Syria and the Church

Today in my Sunday school class, we started off talking about the separation of church and state, and by the end we were talking about Syria. Syria also came up in the sermon, which was on Psalm 3, the first lament in the Psalter.

I found my thoughts turning to Syria in one of my classes at Butler University as well, as we discussed one of the readings for that day, which was Clifford’s classic essay “The Ethics of Belief.” Since most of those of us pondering and puzzling over what is going on in Syria, and what our nation might do in response, are not privy to things like the evidence for chemical weapons having been used, how do we make a judgment about what has transpired and what we should believe? Clifford’s challenge that we need to test claims for ourselves seems unhelpful in situations in which we have no way of testing them, and neither believing nor disbelieving the claims of others who say they know will be without consequences that lead to loss of life.

Christians in other countries ought to be aware of the situation of Christians in Syria. The Melkite Patriarch’s appeal provides a perspective that needs to be heard. And most will probably be aware that an ancient Christian town, which includes one if the rare groups that still speaks Aramaic, is under threat. But the stance of Christians in the United States and elsewhere should reflect a Christian commitment to peace, justice, and reconciliation, and not a tribal allegiance to Christianity.

What are some of the best sources of information you’ve found about what is going on in Syria? How do you assess conflicting claims? And what do you think should be done in this situation in which every course of action, including doing nothing, seems to have terrible consequences?



    I searched – but the search is occluded by the number of lunatic prophecy blogs by people who have never read a historical or theological word in their lives.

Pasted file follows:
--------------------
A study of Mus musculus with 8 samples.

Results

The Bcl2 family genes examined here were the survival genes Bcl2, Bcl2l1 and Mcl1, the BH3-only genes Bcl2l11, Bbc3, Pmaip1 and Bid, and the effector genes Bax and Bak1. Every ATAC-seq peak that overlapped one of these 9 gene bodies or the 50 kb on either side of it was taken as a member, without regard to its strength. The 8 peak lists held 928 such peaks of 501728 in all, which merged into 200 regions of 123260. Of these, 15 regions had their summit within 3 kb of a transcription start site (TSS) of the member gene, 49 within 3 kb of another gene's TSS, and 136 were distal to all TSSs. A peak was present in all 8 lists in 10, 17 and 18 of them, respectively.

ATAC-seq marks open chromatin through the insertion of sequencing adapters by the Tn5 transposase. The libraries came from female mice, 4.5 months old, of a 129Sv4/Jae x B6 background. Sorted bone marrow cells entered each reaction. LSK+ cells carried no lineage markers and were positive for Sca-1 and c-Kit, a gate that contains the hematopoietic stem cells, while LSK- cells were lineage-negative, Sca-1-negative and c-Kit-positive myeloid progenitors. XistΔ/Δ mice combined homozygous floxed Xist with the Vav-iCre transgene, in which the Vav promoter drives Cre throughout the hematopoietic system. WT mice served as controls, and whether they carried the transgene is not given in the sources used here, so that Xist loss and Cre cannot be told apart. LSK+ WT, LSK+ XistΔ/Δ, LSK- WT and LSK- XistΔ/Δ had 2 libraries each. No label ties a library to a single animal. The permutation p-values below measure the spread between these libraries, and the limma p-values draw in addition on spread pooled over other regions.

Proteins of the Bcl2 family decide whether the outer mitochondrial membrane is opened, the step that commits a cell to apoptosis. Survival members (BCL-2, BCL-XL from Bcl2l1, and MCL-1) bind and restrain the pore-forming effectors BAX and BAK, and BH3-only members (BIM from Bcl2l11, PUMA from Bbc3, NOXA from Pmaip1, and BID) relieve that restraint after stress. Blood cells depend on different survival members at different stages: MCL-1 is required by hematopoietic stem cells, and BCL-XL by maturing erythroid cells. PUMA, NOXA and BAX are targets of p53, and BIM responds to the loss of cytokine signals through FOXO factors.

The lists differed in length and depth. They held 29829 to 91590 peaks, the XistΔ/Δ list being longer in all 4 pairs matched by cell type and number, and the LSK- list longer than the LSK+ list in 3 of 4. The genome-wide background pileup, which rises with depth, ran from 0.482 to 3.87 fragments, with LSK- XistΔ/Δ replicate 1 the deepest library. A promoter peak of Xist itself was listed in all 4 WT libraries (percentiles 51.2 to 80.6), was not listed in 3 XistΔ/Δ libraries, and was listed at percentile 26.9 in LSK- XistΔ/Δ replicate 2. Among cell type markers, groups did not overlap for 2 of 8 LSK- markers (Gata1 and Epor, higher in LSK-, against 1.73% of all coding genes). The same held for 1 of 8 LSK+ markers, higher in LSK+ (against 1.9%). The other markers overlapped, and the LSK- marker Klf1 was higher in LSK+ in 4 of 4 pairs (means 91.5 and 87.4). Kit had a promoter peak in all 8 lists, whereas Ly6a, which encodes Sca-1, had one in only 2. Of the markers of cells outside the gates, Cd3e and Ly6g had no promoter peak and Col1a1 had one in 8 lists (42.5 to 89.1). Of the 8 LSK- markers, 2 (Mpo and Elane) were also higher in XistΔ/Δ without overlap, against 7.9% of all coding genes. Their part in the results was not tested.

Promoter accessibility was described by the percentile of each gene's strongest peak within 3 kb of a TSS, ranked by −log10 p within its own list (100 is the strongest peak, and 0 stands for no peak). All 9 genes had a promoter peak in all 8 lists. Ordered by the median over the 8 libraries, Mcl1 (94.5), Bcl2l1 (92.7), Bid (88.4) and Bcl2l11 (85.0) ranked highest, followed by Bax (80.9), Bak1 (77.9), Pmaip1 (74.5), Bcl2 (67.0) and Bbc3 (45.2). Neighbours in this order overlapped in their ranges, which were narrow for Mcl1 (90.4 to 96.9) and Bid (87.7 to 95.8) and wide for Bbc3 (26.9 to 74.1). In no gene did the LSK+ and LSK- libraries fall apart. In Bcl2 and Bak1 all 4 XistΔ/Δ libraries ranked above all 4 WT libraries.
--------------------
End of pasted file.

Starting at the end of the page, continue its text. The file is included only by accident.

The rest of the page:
• I’ve written several posts on the Syrian War. I had been planning to write one long one (about 3000 words) since May or June 2013, but that didn’t happen. The longest post I’ve written so far (on the antiquities situation) is this one. My post on the strike rumors is here. My next long post will probably be on the causes of the Syrian uprising.

    Remember, I predicted that the U.S. won’t directly attack Syria on August 27.

  • Hello James.

    Assad is probably a Moral Monster, but if the West interverned so that he would be defeated, it is delusory to believe that the Country would become a peaceful Democracy.

    It seems much more probable that Islamists would take over the whole land so that the People would much more suffer than under their current president.

    So this war would be a mistake perhaps even greater than that in Irak.

    Do you agree or do you rather think that my fears and concerns are groundless?

    Lovely greetings from Europe.

    Lothars Sohn – Lothar’s son

    • Probably not the “whole land”. If the rebels take Damascus, there will be Druze, Kurdish, and Alawite enclaves for quite some time.

  • To stay up to date with the Syrian war, look at this map every day:
    Follow this blog:
    and follow this Twitter account:
    The Syrian army has begun a successful offensive in the Idlib area in the past two weeks. I think this is a pretty smart move, clearly meant as a prelude to the capture of Maarat al-Numan.